No More WhatsApp in China – Blocked Like the Rest of Em!

China believes in complete control of its country, its people and the technology they are allowed to access. So once more in a move of Internet censorship, China blocks WhatsApp, the instant messaging app used by 1 billion people across the world. It joins the block list of Google and all of its services, Facebook, Yahoo, Wikipedia, Pinterest, Dailymotion, Vimeo, Dropbox, SoundCloud and dozens of other high-ranking websites.

How Did WhatsApp Get Added to the List?

There are two explanations to this – one is the technical side of the story which states that China’s recently upgraded firewall blocked the NoiseSocket protocol used by WhatsApp to deliver texts. The firewall also blocked the HTTPS/TLS connection that WhatsApp uses to send photos and videos and so what started off as disrupted services have become a complete block.

The second explanation of the block is related to a communist party’s fear of end-to-end hidden communication system. WhatsApp’s strongest feature is the end-to-end encryption which it released last year. Following the release, any message sent between two encrypted device remains protected and no one, not even WhatsApp itself can decrypt the messages. This means the Chinese government cannot actually pry on its citizens and for a communist party, this means danger. WhatsApp’s Chinese counterpart is the WeChat which provides all users’ personal data to the Chinese government and already has 963 million active users and now with it’s one and only foreign competitor gone stands to receive the benefit.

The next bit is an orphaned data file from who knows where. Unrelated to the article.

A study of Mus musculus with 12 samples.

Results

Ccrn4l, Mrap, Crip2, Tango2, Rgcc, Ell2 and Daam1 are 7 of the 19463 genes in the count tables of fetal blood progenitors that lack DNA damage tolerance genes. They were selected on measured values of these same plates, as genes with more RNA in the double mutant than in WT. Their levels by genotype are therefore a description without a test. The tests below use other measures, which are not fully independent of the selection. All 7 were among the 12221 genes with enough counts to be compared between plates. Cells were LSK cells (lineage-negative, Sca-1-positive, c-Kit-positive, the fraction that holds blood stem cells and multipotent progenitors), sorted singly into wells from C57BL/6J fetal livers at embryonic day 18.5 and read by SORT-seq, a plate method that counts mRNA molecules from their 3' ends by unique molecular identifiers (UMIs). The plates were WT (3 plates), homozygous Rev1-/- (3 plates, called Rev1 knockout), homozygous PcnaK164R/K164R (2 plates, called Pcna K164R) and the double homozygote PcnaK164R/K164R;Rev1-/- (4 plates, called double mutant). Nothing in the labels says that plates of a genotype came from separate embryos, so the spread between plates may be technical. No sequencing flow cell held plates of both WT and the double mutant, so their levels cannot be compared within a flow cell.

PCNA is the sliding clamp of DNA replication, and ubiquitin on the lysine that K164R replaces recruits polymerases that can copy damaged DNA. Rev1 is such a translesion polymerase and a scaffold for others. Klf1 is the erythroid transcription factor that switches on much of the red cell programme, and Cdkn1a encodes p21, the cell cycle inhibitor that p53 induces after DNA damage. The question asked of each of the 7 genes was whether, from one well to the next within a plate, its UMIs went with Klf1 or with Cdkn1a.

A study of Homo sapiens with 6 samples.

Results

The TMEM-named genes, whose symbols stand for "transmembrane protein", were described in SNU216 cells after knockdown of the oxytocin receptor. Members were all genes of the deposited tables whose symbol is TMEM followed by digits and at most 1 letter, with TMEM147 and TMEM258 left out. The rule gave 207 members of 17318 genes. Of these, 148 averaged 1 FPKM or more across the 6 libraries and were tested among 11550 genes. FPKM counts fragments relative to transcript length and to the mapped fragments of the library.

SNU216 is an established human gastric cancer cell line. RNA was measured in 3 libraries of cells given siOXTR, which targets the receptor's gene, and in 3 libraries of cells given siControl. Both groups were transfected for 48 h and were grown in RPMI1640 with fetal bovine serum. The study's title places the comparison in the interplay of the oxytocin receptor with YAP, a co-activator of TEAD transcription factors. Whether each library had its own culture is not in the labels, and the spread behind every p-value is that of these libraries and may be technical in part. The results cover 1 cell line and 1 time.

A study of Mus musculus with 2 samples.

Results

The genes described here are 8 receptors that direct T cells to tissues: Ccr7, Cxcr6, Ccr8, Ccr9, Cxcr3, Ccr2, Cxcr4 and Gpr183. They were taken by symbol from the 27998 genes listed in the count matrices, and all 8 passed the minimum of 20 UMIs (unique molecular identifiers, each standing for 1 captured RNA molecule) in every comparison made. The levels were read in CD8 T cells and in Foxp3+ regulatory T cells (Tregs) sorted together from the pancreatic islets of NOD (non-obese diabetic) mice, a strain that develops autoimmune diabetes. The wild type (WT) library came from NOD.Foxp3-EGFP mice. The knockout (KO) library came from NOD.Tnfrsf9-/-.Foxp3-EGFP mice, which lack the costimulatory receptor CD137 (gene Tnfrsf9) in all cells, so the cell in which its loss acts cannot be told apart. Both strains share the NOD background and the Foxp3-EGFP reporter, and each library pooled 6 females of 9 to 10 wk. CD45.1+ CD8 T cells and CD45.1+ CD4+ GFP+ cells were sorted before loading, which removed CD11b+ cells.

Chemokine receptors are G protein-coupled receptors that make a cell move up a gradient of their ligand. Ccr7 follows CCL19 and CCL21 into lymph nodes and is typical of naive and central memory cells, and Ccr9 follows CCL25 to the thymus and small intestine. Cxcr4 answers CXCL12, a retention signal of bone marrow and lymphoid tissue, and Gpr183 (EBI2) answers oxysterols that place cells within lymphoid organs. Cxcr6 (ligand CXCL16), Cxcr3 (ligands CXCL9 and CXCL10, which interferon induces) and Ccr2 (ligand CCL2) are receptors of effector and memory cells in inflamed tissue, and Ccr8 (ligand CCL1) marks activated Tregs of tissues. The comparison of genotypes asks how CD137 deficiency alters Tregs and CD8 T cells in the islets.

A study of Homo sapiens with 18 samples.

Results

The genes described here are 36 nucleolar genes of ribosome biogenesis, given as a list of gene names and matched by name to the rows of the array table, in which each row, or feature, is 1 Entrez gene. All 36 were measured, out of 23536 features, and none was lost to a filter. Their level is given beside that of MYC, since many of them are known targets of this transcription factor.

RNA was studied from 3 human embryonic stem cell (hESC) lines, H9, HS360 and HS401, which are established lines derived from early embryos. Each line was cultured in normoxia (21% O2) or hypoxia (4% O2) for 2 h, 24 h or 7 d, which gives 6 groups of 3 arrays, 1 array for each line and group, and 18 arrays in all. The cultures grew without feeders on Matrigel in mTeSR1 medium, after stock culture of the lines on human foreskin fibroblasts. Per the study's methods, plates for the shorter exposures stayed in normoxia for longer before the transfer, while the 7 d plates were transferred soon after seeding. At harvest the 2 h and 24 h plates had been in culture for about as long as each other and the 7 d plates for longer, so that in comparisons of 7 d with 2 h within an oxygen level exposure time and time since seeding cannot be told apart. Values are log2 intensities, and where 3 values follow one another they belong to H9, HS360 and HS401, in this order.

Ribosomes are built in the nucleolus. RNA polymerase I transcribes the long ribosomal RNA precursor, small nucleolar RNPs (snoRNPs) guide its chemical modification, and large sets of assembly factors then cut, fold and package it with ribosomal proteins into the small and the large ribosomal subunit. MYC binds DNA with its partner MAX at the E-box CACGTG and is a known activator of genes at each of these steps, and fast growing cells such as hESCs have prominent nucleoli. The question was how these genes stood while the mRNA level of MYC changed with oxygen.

China’s Internet Censorship Policy

China strongly believes in preserving its culture from the intrusions of the outside world. This explains their strength and national unity. The country has been busy blocking everything that comes from America – from books to movies, tech to social media and so much more. The most aggressive control, however, is in the form of Internet censorship for which the Chinese government has more than sixty regulations in place. State-owned ISPs, companies, and organizations are required to follow the regulations and ensure full compliance. This notorious censorship system earns the reputation of being the world’s most advanced, powerful and extensive internet control system. The government doesn’t stop at mere blocking. They go as far as monitoring user data, user information and Internet access of individuals which resulted in the largest number of imprisoned journalists and cyber-dissidents in the world (as reported by Amnesty International).

You’d think those journalists may have to commit grave crimes to get noticed by the government and then imprisoned. Well, not actually. Crimes range from signing online petitions, communicating with groups abroad, fighting corruption, giving opinions on problems that affect people in general (pollution, ethnic and racial issues) and blogging about the problems. The Chinese people are not able to use Google search, Gmail, Facebook or any other American tech, BUT they do get replica versions of these services. So you have China’s search engine Baidu, China’s Facebook is Weibo, China’s WhatsApp is WeChat, China’s YouTube is Youku-Tudou and so on. Anything that cannot be monitored or controlled is not allowed in China. On the contrary, American tech companies believe in freedom of speech, protection of user data and non-interference of the government which is why our tech products are not easily monitored or broken into.

In a twist of irony then, Americans create, China blocks and replicate. Who’s in power here?

Farah tries to keep up with the fast-paced tech world by writing about it. She covers latest tech news and writes informative pieces to help her readers make informed decisions about their tech preferences.